As I celebrate my first year leading Norman Broadbent’s Aviation, Travel & Aerospace practice, I’ve been reflecting on the many positives seen across the sector these past 12 months, and also considering what we’re seeing coming down the line as we move towards the busy summer period….and beyond.
Firstly, the turnaround of the sector has been in full-swing, globally – passenger numbers are up (some at, or at least very close to pre-Covid levels) and it delights me to read and see this. Are we ‘back’ to the status quo of pre-Covid? No. Is a new status quo emerging? Well, yes, it’s already emerged as a result of the impact and forced changes of Covid.
The sectors I focus on lost a lot of senior level talent between 2020-2022, who haven’t necessarily been replaced. Budgets were cut, roles put on hold and organisations re-shaped. In many cases those at the level below stepped up and admirably played their part helping organisations transact and survive. Now we are somewhat out of the woods, we’ve seen a lot of demand for confidential Searches, as organisations seek to understand ‘what’s out there’ again that might be more aligned to delivering on longer-term strategic goals.
Be it an airport, airline, a critical player in the wider aviation eco-system or a PE/Infra House directly: seeking talent with different solutions to the same problems, who’ve lived experiences in adjacent or different sectors, has been high on the agenda.
Counter to this, however, the demand for aviation specific leadership talent also remains in paramount demand, nowhere more so than in the Middle East, and Saudi Arabia in particular – the rate of change and sheer vastness of the projects in this region are both mind-boggling and fascinating in equal measure.
I’ve said many times in the past year that the ‘sexiness’ of the sector has somewhat dissipated since Covid, but encouragingly the ‘allure’ very much remains: what does this mean? The core knock on effect is that it is taking longer (and is harder) to ensure the right talent is attracted to opportunities in the aviation, travel and aerospace markets once again, due to a heightened level of scepticism and career-protection-mode being fully switched on. Yet, this is nothing that hasn’t been overcome through honest conversation about the state of play and the opportunity at hand.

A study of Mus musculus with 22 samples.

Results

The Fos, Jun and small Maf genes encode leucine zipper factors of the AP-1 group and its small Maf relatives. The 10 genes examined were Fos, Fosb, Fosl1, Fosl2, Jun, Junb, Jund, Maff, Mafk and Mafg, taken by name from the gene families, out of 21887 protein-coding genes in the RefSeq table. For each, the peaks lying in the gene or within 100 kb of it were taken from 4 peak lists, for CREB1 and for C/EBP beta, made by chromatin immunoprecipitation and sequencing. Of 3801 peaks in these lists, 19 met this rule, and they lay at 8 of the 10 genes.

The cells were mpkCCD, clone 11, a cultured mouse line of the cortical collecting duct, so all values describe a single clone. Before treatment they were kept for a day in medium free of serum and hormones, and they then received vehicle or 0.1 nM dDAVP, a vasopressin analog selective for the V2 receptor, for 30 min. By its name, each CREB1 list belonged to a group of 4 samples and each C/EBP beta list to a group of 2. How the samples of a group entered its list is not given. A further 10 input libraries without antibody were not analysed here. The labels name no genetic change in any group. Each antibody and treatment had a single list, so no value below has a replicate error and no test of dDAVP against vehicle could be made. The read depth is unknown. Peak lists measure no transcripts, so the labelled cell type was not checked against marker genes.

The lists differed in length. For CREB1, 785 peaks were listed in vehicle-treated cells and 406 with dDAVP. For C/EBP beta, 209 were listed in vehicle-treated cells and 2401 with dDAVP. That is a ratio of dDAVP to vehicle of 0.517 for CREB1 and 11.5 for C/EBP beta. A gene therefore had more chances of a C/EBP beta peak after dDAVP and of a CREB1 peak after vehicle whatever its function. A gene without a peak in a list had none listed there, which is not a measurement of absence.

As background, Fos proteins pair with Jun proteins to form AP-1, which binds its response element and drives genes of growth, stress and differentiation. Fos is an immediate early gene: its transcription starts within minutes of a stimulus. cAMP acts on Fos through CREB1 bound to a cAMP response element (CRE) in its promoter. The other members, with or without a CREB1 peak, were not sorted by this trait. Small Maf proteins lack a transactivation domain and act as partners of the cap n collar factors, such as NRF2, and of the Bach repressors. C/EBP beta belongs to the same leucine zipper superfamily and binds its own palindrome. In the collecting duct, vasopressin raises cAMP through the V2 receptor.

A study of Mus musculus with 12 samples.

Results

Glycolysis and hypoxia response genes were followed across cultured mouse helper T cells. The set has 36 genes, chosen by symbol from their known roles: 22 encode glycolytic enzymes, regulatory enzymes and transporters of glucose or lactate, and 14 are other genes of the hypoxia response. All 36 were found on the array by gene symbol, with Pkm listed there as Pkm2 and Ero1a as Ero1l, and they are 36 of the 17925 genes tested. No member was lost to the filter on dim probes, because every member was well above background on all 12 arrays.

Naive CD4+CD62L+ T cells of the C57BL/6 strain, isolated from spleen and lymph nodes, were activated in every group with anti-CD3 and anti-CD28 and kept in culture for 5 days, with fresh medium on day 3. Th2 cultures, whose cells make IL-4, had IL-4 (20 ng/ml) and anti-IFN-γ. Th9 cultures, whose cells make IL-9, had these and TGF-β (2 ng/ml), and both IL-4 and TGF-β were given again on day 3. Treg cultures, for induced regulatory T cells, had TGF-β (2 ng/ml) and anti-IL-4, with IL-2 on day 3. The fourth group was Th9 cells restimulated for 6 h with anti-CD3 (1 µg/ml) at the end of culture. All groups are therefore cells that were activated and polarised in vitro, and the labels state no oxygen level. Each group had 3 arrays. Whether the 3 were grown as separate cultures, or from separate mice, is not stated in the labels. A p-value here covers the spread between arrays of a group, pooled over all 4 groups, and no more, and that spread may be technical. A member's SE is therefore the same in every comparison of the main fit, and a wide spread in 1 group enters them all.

Summer ’23 will be a strong barometer of how well recovery has truly gone, but the mood music from across the Executives we engage daily is that this upcoming June-September period is promising bumper returns, and sorely missed revenues.
We’ve handled some really interesting Searches, seeing some outstanding candidates either entering, or soon to begin new challenges and what has encouraged me the most about the strength of the sector at the moment, is the breadth of clients we’ve supported; geographically, we’ve been called to action in the Americas, UK, Europe, Middle East and South East Asia; client-wise, we’ve partnered a real interesting mix of airports, airlines, travel tech providers, InfraFunds, PE houses, airport development consultancies, VertiPort providers and ground handlers, to name but a few.
I believe we’ll continue to see strong demand for Executive Search services, globally, and related products such as mapping, marketing intelligence and assessment, to support the continued growth of the global Aviation, Travel and Aerospace sector; I’ve always said that if the Search industry is busy it means the sector is doing well. The remainder of 2023, and heading into 2024, looks incredibly encouraging for both the sector, and by default, for our Aviation, Travel & Aerospace practice’s growth, and I look forward to continuing to serve the markets that I have deep affinity for, for many years to come.